Miguasha National Park
Miguasha National Park
Natural Canada Europe And North America GaspéPeninsula, Province Of Quebec

The palaeontological site of Miguasha National Park, in south-eastern Quebec on the southern coast of the GaspéPeninsula, is considered to be the world's most outstanding illustration of the Devonian period known as the 'Age of Fishes'.

Dating from 370 million years ago, the Upper Devonian Escuminac Formation represented here contains six of the eight fossil fish groups associated with this period. Its significance stems from the discovery of the highest number and best-preserved fossil specimens of the lobe-finned fishes that gave rise to the first four-legged, air-breathing terrestrial vertebrates - the tetrapods.

This 1 km wide formation extends for a distance of 8 km along the north shore of the Ristigouche River. The formation, extending 300-600 m underground, is represented by four distinct outcrops. The most important of these extends for a distance of 3 km and basically constitutes the park. Constituted essentially of grey rock sediments, the Escuminac Formation (dating from 350-375 million years ago) is composed of alternating layers of thick sandstone, silt and calcareous schists. The Fleurant Formation is found at the base of the Formation, while the summit is lined by the carboniferous Bonaventure Formation, whose reddish colour is the origin of the word Miguasha in the language of the Micmacs.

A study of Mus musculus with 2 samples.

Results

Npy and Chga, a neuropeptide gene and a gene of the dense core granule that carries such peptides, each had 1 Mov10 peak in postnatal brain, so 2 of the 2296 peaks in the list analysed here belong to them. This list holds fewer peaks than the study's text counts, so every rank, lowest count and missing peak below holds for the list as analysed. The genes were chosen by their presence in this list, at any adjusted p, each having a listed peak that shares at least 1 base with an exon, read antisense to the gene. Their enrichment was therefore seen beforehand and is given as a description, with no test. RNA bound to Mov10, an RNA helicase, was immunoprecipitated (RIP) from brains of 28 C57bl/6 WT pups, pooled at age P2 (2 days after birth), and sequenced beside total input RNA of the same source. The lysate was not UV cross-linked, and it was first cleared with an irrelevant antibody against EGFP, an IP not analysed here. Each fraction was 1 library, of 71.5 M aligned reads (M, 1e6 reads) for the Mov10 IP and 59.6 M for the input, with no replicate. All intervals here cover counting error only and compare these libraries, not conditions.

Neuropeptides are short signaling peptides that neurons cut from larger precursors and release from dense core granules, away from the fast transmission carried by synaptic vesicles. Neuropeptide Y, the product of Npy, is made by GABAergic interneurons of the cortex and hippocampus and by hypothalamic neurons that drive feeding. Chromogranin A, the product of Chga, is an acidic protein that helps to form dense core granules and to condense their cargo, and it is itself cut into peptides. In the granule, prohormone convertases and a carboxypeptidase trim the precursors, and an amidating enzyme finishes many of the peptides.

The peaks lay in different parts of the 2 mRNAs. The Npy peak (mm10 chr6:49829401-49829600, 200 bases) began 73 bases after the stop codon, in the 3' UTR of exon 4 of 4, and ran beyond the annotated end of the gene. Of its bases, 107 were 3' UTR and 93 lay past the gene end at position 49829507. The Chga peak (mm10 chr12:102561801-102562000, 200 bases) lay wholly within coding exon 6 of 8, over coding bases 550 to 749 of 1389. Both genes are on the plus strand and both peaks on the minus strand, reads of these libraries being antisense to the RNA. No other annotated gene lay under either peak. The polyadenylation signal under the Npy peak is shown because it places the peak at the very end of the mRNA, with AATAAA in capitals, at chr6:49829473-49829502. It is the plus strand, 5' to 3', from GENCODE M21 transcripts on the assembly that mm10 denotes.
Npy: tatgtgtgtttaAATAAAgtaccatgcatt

The flora and fauna fossils of Miguasha are particularly important in representing ichthyological fauna (fishes) of the Devonian period. Of the eight groups attached to this period, also known as the 'Age of Fishes', six are found at Miguasha, the other two being typically marine;this representation is uncommon among sites of the same age throughout the world. The site is also distinguished by invertebrates, plants and spore fossils (over 70 spore species) which, along with geochemical studies, have allowed a picture of the Devonian ecosystem to be constructed. Furthermore, the site is characterized by the exceptional condition of fossil remains, allowing, for example, study of soft body parts represented in gill imprints, digestive traces and cartilaginous elements of skeleton. Of particular importance is the presence of the crossopterygian group, typified by Eusthenopteron foordi and Elpistostege watsoni. Nicknamed the 'Prince of Miguasha', the Eusthenopteron, which share many characteristics with the tetrapods, have largely resulted in the focused attention of the international scientific community on the Escuminac Formation. Indeed, it was the discovery and study of Eusthenopteron which notably gave rise to the modern conception of evolution from fish to terrestrial tetrapod vertebrates.

Following taxa present an evolutive and phylogenetic interest: Archaeopteris belongs to Gymnosperma, Spermasposita is considered as the oldest flowering plant, while Petaloscorpio is the first terrestrial scorpion. The macroflora includes 10 species belonging to the first vascular plants of Devonian forests, and the microflora is composed of 80 spore species.

For more than a century, the flora and fauna fossils of Miguasha have been recognized as unique, manifest by the large numbers of scientists and collectors from Europe and America who have visited the Escuminac Formation. The site is particularly important in representing ichthyological fauna (fishes) of the Devonian period.